Opinion

Why we’re marching for marriage: an open letter to Congress

We love our fellow citizens, our neighbors, enough to tell them the truth about what marriage is and why it’s important.
Thu Jun 19, 2014 - 12:01 pm EST

Today I am joining thousands of my fellow Americans from across the country in Washington, D.C. for the national March for Marriage. You may not understand why so many thousands of “Main Street” Americans think it’s important to defend marriage in such a way. Because mainstream media reporting is often lacking – or in many cases outright unfair – when it comes to covering pro-family issues, I think it’s important for you to hear why so many of us are marching through our nation’s capital today, and why you as lawmakers should be fighting with us to defend marriage.

In short, we are here marching for marriage out of love: Love for our fellow Americans, love for our country and in gratitude for the religious freedom that allows us to demonstrate our love of God by telling the truth in the public square.

My intent in writing you today is not to outline every single reason why protecting marriage between one man and one woman is important, so this letter will be brief. There are a number of resources available that detail all the arguments and research in support of defending marriage and the family. Please feel free to contact me if I can help you procure these.

Why are we here? There are many special interest groups and their allies in the media who would have you believe that this gathering emanates from some hostility, bigotry or even hatred towards our fellow citizens. But that is not the truth.

In short, we are here marching for marriage out of love: Love for our fellow Americans, love for our country and in gratitude for the religious freedom that allows us to demonstrate our love of God by telling the truth in the public square.

We love our fellow citizens, our neighbors, enough to tell them the truth about what marriage is and why it’s important – even though some might find this truth hard to accept. Marriage is not just a marker of social acceptance, and it’s not simply the state-recognized union of any two (or more) people who decide to be together to fulfill their own personal wants and desires. At its core, marriage is the union of a man and woman ordered toward the procreation and education of children. Marriage is something. Marriage means something. Marriage has a purpose. Recognizing this truth and sharing it with others is not an act of disrespect, but an act of love.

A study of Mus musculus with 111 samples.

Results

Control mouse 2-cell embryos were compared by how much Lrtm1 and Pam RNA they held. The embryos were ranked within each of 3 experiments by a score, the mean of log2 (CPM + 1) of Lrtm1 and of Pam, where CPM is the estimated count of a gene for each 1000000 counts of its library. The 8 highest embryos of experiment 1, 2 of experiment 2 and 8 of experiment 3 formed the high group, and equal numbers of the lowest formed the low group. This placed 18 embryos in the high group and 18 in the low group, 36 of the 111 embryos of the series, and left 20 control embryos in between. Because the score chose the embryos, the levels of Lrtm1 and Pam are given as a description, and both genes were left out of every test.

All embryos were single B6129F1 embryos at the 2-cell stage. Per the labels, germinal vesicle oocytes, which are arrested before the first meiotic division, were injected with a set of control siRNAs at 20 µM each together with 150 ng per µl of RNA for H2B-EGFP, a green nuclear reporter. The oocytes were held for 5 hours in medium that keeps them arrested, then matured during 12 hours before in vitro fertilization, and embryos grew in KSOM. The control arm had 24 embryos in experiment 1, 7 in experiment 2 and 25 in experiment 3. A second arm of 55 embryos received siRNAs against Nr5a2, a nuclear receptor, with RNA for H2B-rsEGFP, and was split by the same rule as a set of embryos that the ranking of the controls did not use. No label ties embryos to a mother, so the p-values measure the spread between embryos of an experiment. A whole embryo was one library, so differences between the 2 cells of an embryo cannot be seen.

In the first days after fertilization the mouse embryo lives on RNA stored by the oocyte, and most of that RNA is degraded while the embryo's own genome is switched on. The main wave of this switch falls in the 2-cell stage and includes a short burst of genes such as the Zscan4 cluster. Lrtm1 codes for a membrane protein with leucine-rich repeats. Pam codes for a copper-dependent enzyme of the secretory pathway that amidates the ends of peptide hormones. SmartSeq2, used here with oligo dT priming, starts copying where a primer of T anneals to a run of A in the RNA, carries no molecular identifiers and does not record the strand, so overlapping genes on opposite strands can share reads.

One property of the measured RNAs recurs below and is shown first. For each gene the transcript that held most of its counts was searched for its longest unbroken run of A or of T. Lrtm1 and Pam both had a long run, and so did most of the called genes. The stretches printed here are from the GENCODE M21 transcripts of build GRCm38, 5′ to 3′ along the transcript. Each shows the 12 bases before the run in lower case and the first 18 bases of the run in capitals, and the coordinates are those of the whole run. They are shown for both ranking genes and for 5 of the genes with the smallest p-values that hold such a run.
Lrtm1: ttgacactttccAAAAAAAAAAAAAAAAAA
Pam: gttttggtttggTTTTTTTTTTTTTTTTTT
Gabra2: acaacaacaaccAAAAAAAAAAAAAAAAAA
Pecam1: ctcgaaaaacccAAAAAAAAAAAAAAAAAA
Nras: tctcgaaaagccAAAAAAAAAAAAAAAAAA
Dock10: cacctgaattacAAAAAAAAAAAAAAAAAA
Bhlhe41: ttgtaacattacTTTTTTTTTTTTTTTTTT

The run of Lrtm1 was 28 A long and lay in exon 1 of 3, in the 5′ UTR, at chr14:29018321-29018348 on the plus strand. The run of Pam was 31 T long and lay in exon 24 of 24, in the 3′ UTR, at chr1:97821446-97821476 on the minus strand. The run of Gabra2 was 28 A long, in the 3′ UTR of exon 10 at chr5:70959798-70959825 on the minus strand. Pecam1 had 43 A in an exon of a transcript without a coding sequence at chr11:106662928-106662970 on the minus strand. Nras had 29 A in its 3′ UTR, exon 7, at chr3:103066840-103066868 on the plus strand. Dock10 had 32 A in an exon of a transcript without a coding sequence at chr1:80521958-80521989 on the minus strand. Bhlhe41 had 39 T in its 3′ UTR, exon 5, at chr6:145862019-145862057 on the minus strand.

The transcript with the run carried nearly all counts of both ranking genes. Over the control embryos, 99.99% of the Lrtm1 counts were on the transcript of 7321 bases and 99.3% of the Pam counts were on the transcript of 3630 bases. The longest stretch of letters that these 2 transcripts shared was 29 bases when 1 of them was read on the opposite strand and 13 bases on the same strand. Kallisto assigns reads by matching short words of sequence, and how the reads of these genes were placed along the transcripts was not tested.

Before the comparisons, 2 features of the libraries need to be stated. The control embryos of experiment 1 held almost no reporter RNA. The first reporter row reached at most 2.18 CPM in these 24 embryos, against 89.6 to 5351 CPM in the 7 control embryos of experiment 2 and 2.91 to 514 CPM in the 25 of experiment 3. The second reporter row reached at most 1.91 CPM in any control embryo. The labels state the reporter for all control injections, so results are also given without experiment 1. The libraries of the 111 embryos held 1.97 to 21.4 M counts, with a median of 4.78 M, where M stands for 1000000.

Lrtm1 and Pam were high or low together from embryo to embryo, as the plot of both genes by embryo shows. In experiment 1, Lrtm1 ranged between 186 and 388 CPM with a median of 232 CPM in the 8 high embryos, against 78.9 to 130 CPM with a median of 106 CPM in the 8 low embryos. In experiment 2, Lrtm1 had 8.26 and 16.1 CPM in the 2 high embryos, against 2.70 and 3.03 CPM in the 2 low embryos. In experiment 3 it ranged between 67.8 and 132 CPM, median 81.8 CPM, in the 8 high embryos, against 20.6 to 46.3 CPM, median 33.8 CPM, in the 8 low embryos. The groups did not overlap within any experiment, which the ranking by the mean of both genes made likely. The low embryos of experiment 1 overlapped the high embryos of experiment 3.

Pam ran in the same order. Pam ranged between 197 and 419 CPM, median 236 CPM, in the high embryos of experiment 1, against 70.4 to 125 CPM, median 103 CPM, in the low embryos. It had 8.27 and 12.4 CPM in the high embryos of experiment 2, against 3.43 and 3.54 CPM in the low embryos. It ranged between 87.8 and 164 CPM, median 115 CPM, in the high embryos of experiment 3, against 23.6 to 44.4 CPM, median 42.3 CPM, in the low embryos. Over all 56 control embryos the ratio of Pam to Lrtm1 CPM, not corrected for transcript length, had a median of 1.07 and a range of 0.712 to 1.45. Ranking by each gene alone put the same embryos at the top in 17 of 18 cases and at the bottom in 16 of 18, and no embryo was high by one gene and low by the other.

We love our country, and recognize that the family is the one essential building block of society. This is why our government has always had an interest in promoting and protecting marriage: To nurture stable families which benefit the development of the next generation of Americans, who then have better opportunities to create a more prosperous nation. Studies show that kids do better when their mother and father are in the home. And these stable families have an incredible impact on the size and scope of government, the amount of taxpayer money being spent on assistance programs and on the growth of our nation’s economy.


The public debate about marriage in the U.S. right now is very volatile and emotional, and understandably so. But when our culture is so fixated on the present and fulfilling our own desires “right now,” we need lawmakers to take the long-view of what is good for our society and our nation – even if it seems politically unpopular. Redefining marriage by law will create far more problems for future generations that it will solve. But protecting traditional marriage, coupled with common sense reforms in other areas of the law, can only serve to benefit our country’s future.

I hope you will take some time today and in the coming weeks to reexamine this issue, the reasons we are marching in our nation’s capital today, and how you can make a positive impact in the fight to defend marriage.

Sincerely yours in Christ,

Father Shenan J. Boquet
President, Human Life International

A version of this letter was sent via postal mail to House Speaker John Boehner, Majority Leader Eric Cantor, Minority Leader Nancy Pelosi, Senate Majority Leader Harry Reid and Senate Minority Leader Mitch McConnell.

Reprinted with permission from HLI.org.